Noble Illusions and other summer reading

Stephen Dale, Noble Illusions
Stephen Dale, Noble Illusions

Early every summer I collect books which I plan to read during the long solstice days that lie ahead but  by late August or early September I find myself feeling frustrated by how much of that list remains unfinished. Here, then, is that list for this summer. I can’t claim to have completed each of these four books. I am part of the way through some of them and have had to content myself with knowledgeable reviews of the others.

Noble Illusions, by Stephen Dale: Ottawa-based writer Stephen Dale has written a polemical book about the First World War. Dale has discovered a boys’ annual called Young Canada and he examines its use of propaganda to glorify the racist colonial wars that preceded the so-called Great War. Dale writes that a publication whose stated purpose was to instruct young men in the cultivation of everyday virtues was used to glorify brutal wars as being valorous and righteous.

Young Canada, Dale says, helped to persuade a generation of young Canadians to head eagerly for the deadly trenches of Europe. He worries that politicians today are using the centenary of the First World War in a similar way by attempting to revive a sense of military duty embodied in the generation that served in the trenches. Some of our leaders want to instill that same unwavering and unthinking loyalty again.


Peacemakers, by Douglas Roche:  The 85-year-old Roche his written his 21st book, a herculean feat for someone who has also been a Member of Parliament, Canada’s ambassador to the United Nations and an independent Senator. Roche has made a career out of harnessing Parliament and international fora, most notably the UN, to find political and diplomatic roads toward greater peace and justice in the world.

Roche claims that, despite what we observe on the television news each day, there are remarkable developments occurring that promote peace.  Despite vicious wars in Syria and elsewhere and the violent standoff in Ukraine, Roche spoke of his cautious optimism in an interview with The Catholic Register newspaper: “There is less violence now,” he said. “There are fewer wars. The economic and social development of people in Africa and Asia is on a steep up curve. There are many things happening that have increased the prospects for peace.”

Roche says that this will be his last book and certainly he deserves a time of rest and leisure, but it is also poignant news because he has contributed so much.

The War that Ended Peace

The War That Ended Peace, by Margaret MacMillan:  We are observing the centenary of the catastrophic First World War and MacMillan, a Canadian historian, had it timed right with the release of this book late in 2013. MacMillan, in the tradition of the American historian Barbara Tuchman, is a master at characterization and anecdote, all based on exhaustive research. So we see the weaknesses and foibles of Europe’s monarchical leaders at the time — Tsar Nicholas II of Russia, the British king, George V, and Kaiser Wilhelm II of Germany and others, not to mention their various ministers and advisors.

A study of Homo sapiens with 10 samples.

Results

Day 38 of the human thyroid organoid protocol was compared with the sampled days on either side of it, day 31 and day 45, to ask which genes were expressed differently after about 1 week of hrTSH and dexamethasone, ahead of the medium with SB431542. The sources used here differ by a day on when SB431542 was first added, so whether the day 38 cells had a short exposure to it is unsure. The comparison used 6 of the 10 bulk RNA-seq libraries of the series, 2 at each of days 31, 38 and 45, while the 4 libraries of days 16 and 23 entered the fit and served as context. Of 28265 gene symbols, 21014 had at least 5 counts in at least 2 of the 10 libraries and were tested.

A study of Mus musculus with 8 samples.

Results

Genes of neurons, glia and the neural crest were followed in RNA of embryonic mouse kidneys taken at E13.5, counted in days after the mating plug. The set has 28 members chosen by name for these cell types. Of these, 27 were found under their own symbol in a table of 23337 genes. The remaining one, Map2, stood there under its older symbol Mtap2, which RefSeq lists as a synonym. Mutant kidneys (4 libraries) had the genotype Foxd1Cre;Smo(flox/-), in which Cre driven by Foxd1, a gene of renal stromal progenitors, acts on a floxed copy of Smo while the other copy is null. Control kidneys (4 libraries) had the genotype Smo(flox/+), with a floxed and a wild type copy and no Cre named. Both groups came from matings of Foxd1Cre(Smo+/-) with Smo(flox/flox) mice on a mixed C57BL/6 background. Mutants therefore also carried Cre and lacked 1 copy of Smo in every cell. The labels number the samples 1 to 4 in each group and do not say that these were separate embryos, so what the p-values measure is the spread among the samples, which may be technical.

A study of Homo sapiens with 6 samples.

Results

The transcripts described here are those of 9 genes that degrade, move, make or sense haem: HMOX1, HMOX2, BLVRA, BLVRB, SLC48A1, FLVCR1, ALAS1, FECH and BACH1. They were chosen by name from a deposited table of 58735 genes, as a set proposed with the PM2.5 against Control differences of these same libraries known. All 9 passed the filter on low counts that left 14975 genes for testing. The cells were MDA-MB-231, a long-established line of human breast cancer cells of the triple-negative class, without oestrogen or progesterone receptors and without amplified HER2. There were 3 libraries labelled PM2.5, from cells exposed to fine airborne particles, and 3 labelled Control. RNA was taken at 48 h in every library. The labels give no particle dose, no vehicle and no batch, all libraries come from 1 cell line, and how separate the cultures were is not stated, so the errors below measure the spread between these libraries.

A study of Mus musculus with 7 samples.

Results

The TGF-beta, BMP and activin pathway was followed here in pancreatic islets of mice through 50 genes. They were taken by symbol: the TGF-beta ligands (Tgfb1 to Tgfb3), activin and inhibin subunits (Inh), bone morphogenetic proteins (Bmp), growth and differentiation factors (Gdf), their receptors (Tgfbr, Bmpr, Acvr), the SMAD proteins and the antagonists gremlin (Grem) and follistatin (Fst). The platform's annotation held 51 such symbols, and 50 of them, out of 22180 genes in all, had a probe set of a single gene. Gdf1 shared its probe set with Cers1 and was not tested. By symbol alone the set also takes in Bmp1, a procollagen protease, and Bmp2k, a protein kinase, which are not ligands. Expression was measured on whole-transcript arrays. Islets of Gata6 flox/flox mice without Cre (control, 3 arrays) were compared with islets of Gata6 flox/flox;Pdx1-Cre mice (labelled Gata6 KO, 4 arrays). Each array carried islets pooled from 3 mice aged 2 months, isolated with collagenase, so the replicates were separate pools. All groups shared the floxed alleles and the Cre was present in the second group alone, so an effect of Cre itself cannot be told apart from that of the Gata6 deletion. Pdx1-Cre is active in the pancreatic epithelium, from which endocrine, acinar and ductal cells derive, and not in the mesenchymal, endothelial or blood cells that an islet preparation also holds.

The questions which have been long debated are how did it happen and who was at fault? MacMillan does a masterful job of providing the context and rounding out the characters involved but ultimately shies away from coming down on any one side in the blame game – there is plenty of that to go around.

Jimmy Carter: A Call to Action

A Call to Action, by Jimmy Carter: Perhaps Douglas Roche should engage in a friendly competition with Jimmy Carter, the former American president who is approaching his 90th birthday. Carter has just written his 28th book and in it he continues to be outspoken on theme of gender. Carter says that the most serious challenge facing the world today is the subjugation and abuse of women and girls. He provides detail from his own travel and experience about the continuing incidence of  sexual assault, rape, lack of education and equal pay, the genocide of female fetuses, female genital mutilation, honor killings, dowry deaths and sex trafficking.

Carter takes aim at leaders of the world’s religions as often condoning and even encouraging the subjugation of women. He even severed his lifelong ties with the Southern Baptist Convention over the issue. Carter writes in A Call to Action that religious texts are interpreted “almost exclusively by powerful male leaders within the Christian, Jewish, Muslim, Hindu, Buddhist and other faiths, to proclaim the lower status of women and girls. This claim that women are inferior before God spreads to the secular world to justify gross and sustained acts of discrimination and violence against them.”

There are those who say that Carter has spent the latter decades of his life attempting to redeem the reputation of his one-term presidency and his subsequent loss to Ronald Reagan in 1980. One commentator, writing for the Religious News Service, says that religion functions better at the margins of society than in the halls of power, and that Carter exemplifies that dictum. Once out of office, Cater was no longer limited by political considerations and he has been free to speak truth to power, even that of the U.S government, and to act righteously – in the best sense of that word.